Henry Stacy Marks
|Henry Stacy Marks|
Self-portrait (1882; Aberdeen Art Gallery)
13 September 1829|
|Died||9 January 1898
|Known for||Painter, illustrator|
Helen Drysdale (1856–1892)Mary Harriet Kempe (1893)
|Patron(s)||Hugh Grosvenor, 1st Duke of Westminster|
Life and Work
He was the fourth child of John Isaac Marks and Elizabeth (née Pally). His father was a solicitor who later became a coach builder. One of his brothers was the writer John George Marks. Henry enrolled at the Royal Academy Schools in about 1851 and first exhibited at the Royal Academy in 1853.
When his father's business as a solicitor failed, Henry Stacy Marks had to support not only his wife, but his family of origin, including his mother and three younger brothers, on the proceeds of his art.
Marks supplemented his income from painting by carrying out decorative work for various patrons. These included the Minton works, for the stained-glass manufacturers Clayton and Bell, by designing a frieze for the outside wall of the Royal Albert Hall, and for the house of the artist Lawrence Alma-Tadema. Marks' most important patron was Hugh Grosvenor, 1st Duke of Westminster. Marks worked on decorations for the duke's house, Eaton Hall, Cheshire, between 1874 and 1880. For this purpose he painted two canvasses 35 feet (11 m) long of Chaucer's pilgrims, and twelve panels of birds.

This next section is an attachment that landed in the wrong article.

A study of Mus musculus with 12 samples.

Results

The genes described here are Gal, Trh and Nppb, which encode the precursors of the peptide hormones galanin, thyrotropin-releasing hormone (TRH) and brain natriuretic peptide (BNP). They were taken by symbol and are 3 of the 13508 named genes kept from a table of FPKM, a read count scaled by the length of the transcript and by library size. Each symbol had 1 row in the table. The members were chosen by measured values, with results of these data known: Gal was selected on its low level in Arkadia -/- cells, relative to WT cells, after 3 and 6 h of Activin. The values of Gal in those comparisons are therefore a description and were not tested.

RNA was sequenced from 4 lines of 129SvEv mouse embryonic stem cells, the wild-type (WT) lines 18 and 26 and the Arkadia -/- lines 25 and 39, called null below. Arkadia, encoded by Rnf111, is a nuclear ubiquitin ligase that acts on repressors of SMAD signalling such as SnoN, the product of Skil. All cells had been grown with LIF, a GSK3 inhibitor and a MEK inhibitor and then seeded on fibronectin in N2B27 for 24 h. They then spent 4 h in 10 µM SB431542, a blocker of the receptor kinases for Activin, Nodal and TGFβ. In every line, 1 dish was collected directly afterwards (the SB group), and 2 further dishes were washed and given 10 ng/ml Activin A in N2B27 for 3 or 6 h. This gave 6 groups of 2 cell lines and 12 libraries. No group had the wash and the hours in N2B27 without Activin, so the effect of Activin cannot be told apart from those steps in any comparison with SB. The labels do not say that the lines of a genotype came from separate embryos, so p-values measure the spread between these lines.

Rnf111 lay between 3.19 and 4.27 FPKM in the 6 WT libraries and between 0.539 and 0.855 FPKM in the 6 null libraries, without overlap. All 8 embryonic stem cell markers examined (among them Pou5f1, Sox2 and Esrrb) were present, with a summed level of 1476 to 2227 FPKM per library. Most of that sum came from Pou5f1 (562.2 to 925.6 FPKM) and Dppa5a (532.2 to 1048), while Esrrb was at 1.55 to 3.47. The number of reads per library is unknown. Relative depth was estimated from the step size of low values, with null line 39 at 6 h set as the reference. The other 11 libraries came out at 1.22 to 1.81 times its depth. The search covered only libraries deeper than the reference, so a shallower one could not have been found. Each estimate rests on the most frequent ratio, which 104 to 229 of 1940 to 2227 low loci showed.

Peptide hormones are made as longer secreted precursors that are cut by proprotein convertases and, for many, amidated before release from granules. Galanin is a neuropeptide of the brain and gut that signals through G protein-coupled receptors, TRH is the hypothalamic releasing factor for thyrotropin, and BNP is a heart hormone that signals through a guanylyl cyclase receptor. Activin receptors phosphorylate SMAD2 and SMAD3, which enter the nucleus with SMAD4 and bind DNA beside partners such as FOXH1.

Marks became a member of the St John's Wood Clique in 1862. As his career progressed, he became increasingly interested in painting birds. Possibly his most famous painting is A Select Committee (1891) which is now in the Walker Art Gallery. He was elected as a member of the Royal Academy following his painting Convocation, which was exhibited in 1878. Most of his paintings of birds were watercolours, which he exhibited at the Old Watercolour Society or at the Fine Art Society.
Marks was married in 1856, to Helen Drysdale. Helen died in 1892, and the following year Marks married Mary Harriet Kempe, who was also a painter.
Death and Legacy
The Victoria and Albert Museum holds three of Marks' finished watercolour studies of birds and eleven sketches for larger paintings. Some of his works are exhibited in the Parrot House of Eaton Hall.